Socialist Worker

Historic strike in Northern Ireland NHS

by Tomáš Tengely-Evans
Issue No. 2685

Workers are fighting for a new pay deal and better staffing levels

Workers are fighting for a new pay deal and better staffing levels (Pic: RCN Northern Ireland/Twitter)

Thousands of nurses and other health workers in Northern Ireland are fighting for higher pay.

Members of the Unison union and Royal College of Nursing (RCN) were set for a 48-hour walkout from Wednesday of this week.

It will be the first time in the organisation’s 103-year history that it has backed industrial action.

Ambulance workers in Unison will also take targeted industrial action, including frontline crews, non-emergency staff and control and support staff.

RCN and Unison members in Northern Ireland have been taking part in two weeks of action short of strike in the run-up to the walkout.


This means starting and finishing on time, taking their breaks and not doing non-nursing duties.

Pat Cullen, RCN Northern Ireland director, said “Nurses now feel that they have no choice.

“With around 2,800 vacant nursing posts in the system, record levels of expenditure on agency staff to try to plug the gaps, and nurses’ pay continuing to fall further and further behind the rest of the UK, nursing staff have had enough.”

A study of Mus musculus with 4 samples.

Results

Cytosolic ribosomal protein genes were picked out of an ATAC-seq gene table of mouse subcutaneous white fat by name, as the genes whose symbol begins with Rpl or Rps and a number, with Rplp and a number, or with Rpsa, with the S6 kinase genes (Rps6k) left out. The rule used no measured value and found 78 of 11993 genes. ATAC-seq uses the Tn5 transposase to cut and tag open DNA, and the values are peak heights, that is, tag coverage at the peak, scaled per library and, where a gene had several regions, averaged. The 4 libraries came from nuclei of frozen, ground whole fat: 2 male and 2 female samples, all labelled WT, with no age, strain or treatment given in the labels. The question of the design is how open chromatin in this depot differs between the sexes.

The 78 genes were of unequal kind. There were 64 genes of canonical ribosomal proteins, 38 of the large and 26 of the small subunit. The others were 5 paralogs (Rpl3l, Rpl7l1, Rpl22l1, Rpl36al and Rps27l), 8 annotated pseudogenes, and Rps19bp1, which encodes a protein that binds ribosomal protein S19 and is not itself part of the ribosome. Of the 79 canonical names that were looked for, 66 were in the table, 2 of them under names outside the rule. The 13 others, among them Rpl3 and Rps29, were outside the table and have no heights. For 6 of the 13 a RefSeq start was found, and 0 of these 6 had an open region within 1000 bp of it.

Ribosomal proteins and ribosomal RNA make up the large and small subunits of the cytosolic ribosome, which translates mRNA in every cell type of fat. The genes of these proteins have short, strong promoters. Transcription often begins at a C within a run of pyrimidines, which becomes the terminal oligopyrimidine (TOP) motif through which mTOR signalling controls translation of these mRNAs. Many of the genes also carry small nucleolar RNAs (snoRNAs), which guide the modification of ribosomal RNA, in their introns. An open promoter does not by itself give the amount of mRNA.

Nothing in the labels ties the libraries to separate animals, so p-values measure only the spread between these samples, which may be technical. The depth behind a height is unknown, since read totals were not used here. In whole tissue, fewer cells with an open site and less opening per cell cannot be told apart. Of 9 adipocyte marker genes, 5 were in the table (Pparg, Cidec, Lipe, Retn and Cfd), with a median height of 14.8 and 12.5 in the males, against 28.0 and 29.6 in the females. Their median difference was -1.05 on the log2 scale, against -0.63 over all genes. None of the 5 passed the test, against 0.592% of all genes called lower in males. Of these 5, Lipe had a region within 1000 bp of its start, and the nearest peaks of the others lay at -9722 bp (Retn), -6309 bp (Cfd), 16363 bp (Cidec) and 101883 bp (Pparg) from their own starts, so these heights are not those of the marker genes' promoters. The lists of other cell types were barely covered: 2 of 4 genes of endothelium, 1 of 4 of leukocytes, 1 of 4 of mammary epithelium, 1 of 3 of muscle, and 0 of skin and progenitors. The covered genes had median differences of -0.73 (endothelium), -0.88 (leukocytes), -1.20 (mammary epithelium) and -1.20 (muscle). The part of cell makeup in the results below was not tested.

Workers have staged action short of a strike since 3 December.

They are refusing to work overtime or unpaid hours or to perform duties like answering phones on the ward.

“A number of members reported back to us that it was the first day in a very long time they could remember feeling they actually had the time to care for patients in the way they would like to every day,” said Pat.

“This in itself tells us why RCN members feel it is necessary to take this action in the first place.” Health workers in Northern Ireland are demanding pay parity with workers in the NHS in Britain.

Some 13 health unions in Britain negotiated and missold a flawed three-year pay deal for health workers in England in 2018.

It included funding for pay deals for workers in the devolved parts of Britain— Scotland and Wales, and Northern Ireland.


But Northern Ireland has not had a government since the collapse of the power-sharing agreement.

Its administration has been run by civil servants.

This means it has not negotiated a pay deal with the unions.

Pat said, “Our health service is collapsing.

“It is simply not good enough for civil servants to continue to play with words and fail to take effective action to resolve this crisis.

“The RCN believes the gap between what the department is offering and what nurses expect in terms of pay parity can be achieved.”